By Dimitra Stefanidou
An American court has sensationally struck down a $7.25 billion settlement due from Visa and Mastercard for fixing credit card fees after some merchants claimed its terms were unfair.
The huge cash payment was due as the result of a successful class action filed by millions of merchants and trade associations against the two payment giants for acting against antitrust rules. In what was seen as one of the most important cases relating to antitrust law in the United States, both companies were found to be in the wrong for charging merchants large fees for being able to accept payment by credit cards.
The preliminary order
The settlement was originally proposed by United States District Judge John Gleeson in 2012. However, the settlement was not accepted by a number of merchants. They appealed and the preliminary order was cancelled.
Their concerns were that the settlement order violated their lawful right to opt out of certain provisions of the proposal. As Jeff Shinder, a lawyer representing the plaintiffs explained, “The proposed settlement violates the due process rights of millions of merchants by denying them the ability to opt out of the injunction, and this fundamental issue of law should be addressed now before notice goes out to merchants”.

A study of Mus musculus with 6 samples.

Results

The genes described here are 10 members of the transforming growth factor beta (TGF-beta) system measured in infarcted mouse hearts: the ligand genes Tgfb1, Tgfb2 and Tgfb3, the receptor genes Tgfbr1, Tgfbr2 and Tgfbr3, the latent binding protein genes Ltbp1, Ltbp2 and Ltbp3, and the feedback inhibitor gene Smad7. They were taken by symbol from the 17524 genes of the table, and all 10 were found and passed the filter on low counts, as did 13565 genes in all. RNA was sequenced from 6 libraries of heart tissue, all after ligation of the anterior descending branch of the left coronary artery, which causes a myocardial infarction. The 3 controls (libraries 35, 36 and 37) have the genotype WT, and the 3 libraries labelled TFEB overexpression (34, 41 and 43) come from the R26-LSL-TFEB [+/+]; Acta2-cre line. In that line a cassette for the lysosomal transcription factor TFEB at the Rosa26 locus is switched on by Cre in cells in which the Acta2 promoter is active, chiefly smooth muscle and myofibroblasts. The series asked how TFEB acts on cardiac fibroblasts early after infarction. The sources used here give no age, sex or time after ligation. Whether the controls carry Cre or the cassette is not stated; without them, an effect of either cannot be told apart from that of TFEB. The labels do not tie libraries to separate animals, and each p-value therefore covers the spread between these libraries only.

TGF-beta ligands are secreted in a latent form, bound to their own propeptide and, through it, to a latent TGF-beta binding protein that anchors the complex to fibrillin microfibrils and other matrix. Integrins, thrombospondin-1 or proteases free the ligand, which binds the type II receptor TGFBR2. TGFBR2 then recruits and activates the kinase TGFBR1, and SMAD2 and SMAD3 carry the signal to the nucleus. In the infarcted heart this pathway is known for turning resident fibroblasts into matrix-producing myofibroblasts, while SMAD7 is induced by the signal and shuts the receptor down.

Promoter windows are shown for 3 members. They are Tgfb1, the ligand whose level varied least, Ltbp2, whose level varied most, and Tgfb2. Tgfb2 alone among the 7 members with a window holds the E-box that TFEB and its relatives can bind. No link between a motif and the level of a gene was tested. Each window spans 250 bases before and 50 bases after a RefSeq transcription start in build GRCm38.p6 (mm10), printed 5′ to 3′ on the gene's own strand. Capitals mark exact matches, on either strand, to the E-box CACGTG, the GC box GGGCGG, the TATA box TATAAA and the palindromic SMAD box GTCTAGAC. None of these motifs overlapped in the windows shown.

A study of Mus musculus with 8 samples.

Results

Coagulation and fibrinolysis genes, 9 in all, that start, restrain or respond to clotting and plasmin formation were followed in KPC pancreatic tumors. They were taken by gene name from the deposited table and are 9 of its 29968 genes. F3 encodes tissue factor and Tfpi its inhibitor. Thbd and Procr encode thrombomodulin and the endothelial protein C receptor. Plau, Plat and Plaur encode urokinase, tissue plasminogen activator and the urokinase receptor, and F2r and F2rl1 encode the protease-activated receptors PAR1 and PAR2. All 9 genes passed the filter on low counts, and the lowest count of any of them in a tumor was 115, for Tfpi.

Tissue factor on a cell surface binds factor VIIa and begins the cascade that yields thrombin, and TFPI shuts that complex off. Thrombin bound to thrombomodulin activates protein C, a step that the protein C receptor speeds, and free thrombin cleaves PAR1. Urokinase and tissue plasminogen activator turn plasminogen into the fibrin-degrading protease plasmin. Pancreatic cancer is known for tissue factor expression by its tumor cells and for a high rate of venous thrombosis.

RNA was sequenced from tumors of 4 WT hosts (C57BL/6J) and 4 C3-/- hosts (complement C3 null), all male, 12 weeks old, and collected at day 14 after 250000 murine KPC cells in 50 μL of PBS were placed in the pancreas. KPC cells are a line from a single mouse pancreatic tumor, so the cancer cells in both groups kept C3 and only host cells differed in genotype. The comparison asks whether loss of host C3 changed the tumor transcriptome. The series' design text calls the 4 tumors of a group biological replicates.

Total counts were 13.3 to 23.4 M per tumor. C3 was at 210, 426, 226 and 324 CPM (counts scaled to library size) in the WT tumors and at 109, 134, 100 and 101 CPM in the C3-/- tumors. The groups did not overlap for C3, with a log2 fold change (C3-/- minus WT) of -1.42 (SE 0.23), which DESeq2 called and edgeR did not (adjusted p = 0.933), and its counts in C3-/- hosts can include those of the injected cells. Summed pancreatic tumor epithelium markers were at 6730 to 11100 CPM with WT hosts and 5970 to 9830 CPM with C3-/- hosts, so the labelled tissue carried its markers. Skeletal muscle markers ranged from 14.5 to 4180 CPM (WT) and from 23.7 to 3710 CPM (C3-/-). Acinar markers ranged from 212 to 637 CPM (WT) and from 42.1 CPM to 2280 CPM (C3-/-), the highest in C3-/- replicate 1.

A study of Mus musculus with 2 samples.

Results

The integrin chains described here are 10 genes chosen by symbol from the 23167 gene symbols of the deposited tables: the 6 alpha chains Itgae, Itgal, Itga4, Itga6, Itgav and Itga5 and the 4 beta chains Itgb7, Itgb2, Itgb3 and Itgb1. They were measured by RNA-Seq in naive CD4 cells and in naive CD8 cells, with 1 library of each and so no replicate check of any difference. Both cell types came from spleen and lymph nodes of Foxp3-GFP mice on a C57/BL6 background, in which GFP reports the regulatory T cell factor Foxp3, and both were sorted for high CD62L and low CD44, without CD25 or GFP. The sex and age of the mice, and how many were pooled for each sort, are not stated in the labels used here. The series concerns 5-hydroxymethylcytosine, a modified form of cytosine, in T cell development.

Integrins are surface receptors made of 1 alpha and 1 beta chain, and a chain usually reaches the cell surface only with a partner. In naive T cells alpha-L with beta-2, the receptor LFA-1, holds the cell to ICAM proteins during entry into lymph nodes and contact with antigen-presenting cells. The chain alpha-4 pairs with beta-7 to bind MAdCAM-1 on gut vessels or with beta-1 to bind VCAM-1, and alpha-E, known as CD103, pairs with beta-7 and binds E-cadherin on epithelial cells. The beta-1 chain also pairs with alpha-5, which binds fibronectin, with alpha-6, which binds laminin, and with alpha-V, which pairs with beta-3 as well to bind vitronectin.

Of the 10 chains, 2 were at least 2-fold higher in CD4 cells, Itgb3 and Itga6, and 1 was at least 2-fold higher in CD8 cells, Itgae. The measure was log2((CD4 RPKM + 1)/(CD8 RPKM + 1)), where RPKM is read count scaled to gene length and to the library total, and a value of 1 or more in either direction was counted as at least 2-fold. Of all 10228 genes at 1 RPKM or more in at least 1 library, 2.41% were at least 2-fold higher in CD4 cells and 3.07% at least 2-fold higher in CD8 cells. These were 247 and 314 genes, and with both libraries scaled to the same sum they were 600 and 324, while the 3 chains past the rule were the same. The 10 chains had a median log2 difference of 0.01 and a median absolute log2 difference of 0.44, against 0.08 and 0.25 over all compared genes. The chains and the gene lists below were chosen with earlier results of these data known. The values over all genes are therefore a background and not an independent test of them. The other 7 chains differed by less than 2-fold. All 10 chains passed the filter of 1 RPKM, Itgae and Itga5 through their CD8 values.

As a result, a large number of merchants (about 25% of the plaintiffs) didn’t participate in the settlement, reducing its value from $7.2 billion down to $5.7 billion.
The ruling of the U.S. Court of Appeals
And so the plot continues to thicken. On June 30 the U.S. federal appeals court turned down the proposed settlement, even in its reduced form, paving the way for a the long-term litigation by MasterCard and Visa which has been pending for more than a decade. At this stage the court felt the settlement did not equally satisfy the interests of the parties.
More specifically, the group of the merchants that didn’t accept the settlement would be excessively restricted in enacting their lawful rights. And in addition, they would not be able to oppose the defendants with further legal action. Even worse, merchants who didn’t even participate in the litigation would have restricted rights towards Mastercard and Visa in future transactions.
The court also felt that the two parties shouldn’t have been represented by the same legal counsel as their interests were obviously conflicting, accusing the lawyers of “unacceptable incentives”. According to the court if the settlement was accepted lawyers would have earned the astronomical amount of about $544.8 million as fees.
With the settlement dead in the water merchants believe that they will be able to pressure the credit card companies to restructure or eliminate the card payment charges, or interchange fees, that they oppose.
Reaction of the defendants
After the ruling rejecting the settlement, Mastercard says it is reviewing its next steps. There has been no response from Visa.
It is highly possible that any new arrangements the two companies put in place will be less favourable than the old system, including strict rules on interchange fees and other terms. This is likely to have a significant economic cost for them as payment processors.